A summary of all anti-Jewish regulations new in force in Nazi-occupied Poland, as well as detailed descriptions of the massacres and brutalities carried out by the Nazis against Jews there, are given in the Black Book of Poland published here by G. P. Putnam’s Sons.
The book, which is the second volume of the Polish Black Book published last year in London by the Polish Government, devotes about forty of its 615 pages to the Nazi persecutions of the Jews in occupied Poland and to life in the ghettos there. Included in it are a number of authentic photos and documents confirming the Nazi atrocities, the executions of Jewish civilians, the treatment meted out by the Nazis to Jewish women in Poland and the torture of Jews sent to forced labor. It estimates that the number of Jews massacred by the Nazis in occupied Poland during three years of German occupation exceeds 200,000.
Quoting German official figures, the Black Book establishes that on July 1, 1940 there were 1,700,000 Jews in the section of occupied Poland known as the Government General. About one-third of them lived in the Warsaw ghetto. While Jewish deaths constituted 5 percent in 1939 before the Nazi invasion, they had risen to 24.3% in June 1941. The Black Book emphasizes that bad as is the situation of the Poles under the Nazis in occupied Poland, the Jewish situation is still worse.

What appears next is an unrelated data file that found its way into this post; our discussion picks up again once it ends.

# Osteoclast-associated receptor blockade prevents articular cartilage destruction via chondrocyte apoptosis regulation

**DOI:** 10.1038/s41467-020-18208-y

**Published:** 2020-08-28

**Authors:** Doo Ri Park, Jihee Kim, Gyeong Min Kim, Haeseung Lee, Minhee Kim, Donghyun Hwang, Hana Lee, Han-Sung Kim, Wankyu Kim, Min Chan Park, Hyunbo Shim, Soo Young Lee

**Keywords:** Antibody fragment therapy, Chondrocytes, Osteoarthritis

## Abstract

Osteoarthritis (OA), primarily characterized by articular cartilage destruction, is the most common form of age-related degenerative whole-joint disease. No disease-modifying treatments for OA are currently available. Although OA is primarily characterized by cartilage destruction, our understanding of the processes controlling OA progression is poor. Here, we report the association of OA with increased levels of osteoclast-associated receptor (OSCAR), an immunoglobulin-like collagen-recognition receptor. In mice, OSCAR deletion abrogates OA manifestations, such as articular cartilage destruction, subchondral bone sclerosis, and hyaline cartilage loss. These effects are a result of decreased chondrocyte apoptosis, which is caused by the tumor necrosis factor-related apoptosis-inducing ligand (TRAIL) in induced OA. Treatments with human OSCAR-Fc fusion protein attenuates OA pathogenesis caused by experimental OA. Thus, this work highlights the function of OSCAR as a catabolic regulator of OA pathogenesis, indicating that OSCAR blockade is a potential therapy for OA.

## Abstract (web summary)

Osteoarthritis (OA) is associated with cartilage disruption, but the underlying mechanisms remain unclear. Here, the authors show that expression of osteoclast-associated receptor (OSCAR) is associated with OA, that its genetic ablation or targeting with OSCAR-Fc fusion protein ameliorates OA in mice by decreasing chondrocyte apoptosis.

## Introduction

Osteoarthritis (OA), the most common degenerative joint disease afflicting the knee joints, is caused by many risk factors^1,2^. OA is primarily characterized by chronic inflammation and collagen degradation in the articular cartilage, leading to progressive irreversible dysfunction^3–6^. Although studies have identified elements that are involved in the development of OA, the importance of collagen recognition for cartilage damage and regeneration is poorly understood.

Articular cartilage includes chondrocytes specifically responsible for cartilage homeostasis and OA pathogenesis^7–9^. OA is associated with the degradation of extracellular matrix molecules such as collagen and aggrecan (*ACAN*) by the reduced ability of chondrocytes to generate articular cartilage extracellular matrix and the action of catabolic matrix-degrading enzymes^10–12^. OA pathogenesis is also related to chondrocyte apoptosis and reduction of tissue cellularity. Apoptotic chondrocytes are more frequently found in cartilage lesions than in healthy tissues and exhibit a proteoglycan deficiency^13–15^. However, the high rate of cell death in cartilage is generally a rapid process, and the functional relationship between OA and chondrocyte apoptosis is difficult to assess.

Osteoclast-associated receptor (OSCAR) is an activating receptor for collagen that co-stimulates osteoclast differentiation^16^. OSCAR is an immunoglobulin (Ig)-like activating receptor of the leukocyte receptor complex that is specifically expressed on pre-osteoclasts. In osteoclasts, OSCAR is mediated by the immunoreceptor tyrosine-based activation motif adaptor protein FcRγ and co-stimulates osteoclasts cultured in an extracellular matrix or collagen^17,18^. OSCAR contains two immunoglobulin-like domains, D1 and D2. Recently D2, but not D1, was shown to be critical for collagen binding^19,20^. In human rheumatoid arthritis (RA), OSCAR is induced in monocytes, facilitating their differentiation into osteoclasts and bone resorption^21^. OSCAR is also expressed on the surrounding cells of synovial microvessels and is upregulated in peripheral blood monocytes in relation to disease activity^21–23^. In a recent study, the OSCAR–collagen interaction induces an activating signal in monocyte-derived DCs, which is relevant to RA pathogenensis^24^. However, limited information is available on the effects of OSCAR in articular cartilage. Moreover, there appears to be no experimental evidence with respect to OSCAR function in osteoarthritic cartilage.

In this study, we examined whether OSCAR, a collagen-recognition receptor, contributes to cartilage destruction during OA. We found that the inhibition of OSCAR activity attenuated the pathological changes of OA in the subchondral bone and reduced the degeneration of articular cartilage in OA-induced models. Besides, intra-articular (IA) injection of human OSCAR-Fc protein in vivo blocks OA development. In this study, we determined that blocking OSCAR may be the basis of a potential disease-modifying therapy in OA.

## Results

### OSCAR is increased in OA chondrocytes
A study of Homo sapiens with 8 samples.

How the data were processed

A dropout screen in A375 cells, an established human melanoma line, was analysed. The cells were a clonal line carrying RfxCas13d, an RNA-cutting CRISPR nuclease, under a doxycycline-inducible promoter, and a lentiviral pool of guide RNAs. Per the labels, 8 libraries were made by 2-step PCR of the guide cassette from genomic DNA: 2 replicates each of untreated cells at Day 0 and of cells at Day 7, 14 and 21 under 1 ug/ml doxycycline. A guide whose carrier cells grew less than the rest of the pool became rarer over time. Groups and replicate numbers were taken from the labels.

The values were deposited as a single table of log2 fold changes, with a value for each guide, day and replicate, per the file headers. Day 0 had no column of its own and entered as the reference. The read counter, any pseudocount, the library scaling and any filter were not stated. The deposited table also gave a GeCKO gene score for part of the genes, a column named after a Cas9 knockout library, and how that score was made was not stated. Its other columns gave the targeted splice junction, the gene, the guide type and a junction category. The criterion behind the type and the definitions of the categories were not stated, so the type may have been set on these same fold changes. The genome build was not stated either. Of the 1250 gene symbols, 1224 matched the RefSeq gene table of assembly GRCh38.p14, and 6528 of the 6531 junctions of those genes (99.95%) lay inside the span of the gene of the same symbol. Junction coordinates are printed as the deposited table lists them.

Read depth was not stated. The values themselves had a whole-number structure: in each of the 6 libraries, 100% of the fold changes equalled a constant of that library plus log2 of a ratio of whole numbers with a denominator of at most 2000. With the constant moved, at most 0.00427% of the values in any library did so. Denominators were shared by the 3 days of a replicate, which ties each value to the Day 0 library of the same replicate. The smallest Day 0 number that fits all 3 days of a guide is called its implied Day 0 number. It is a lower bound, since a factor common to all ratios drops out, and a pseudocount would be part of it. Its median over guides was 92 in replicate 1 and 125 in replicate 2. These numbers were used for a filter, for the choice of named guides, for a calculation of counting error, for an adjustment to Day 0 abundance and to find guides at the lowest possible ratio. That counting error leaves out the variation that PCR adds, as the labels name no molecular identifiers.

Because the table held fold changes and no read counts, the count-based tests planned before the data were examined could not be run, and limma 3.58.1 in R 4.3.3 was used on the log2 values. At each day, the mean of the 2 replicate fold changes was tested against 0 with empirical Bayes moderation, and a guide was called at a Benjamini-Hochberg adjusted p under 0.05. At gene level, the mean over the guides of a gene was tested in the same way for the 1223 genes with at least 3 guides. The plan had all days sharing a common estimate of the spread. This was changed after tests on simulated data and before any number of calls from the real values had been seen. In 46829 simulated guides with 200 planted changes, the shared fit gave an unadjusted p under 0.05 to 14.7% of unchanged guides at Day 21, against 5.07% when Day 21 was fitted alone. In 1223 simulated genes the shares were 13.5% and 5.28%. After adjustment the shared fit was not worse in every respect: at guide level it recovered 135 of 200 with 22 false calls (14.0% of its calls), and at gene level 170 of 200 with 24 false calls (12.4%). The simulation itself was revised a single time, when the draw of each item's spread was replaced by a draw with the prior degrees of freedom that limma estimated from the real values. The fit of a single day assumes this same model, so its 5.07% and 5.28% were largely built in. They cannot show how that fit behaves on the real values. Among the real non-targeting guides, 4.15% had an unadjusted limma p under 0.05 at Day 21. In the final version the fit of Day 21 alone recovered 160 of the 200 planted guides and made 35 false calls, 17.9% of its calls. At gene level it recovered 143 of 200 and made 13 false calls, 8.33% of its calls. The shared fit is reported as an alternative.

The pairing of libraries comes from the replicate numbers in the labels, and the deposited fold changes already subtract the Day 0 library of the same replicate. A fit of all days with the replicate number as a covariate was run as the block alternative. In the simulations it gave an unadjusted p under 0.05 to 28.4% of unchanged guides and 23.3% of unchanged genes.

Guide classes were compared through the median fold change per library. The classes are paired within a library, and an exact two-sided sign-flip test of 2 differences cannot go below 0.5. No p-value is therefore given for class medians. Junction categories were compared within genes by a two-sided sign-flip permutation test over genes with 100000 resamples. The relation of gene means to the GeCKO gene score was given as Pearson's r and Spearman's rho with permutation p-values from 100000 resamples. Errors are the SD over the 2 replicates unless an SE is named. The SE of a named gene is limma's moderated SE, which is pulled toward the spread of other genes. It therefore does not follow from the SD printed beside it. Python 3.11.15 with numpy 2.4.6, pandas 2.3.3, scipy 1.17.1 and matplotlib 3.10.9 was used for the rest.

Relating how Jews in various Polish towns were tortured to death, executed, or burned alive, and listing the cities from where the Jews were expelled, the Black Book cites a number of well-verified facts of how German soldiers and officers violated Jewish women, how they tore out the boards of religious Jews, and how they set fire to synagogues. It reproduces the texts of a number of Nazi orders affecting the Jews in the ghettos and shows photographs of elderly, haggard Jews being led away to compulsory labor by brutal-looking Nazi soldiers, and Jews being used by the Nazis as horses to draw their vehicles.
The Archive of the Jewish Telegraphic Agency includes articles published from 1923 to 2008. Archive stories reflect the journalistic standards and practices of the time they were published.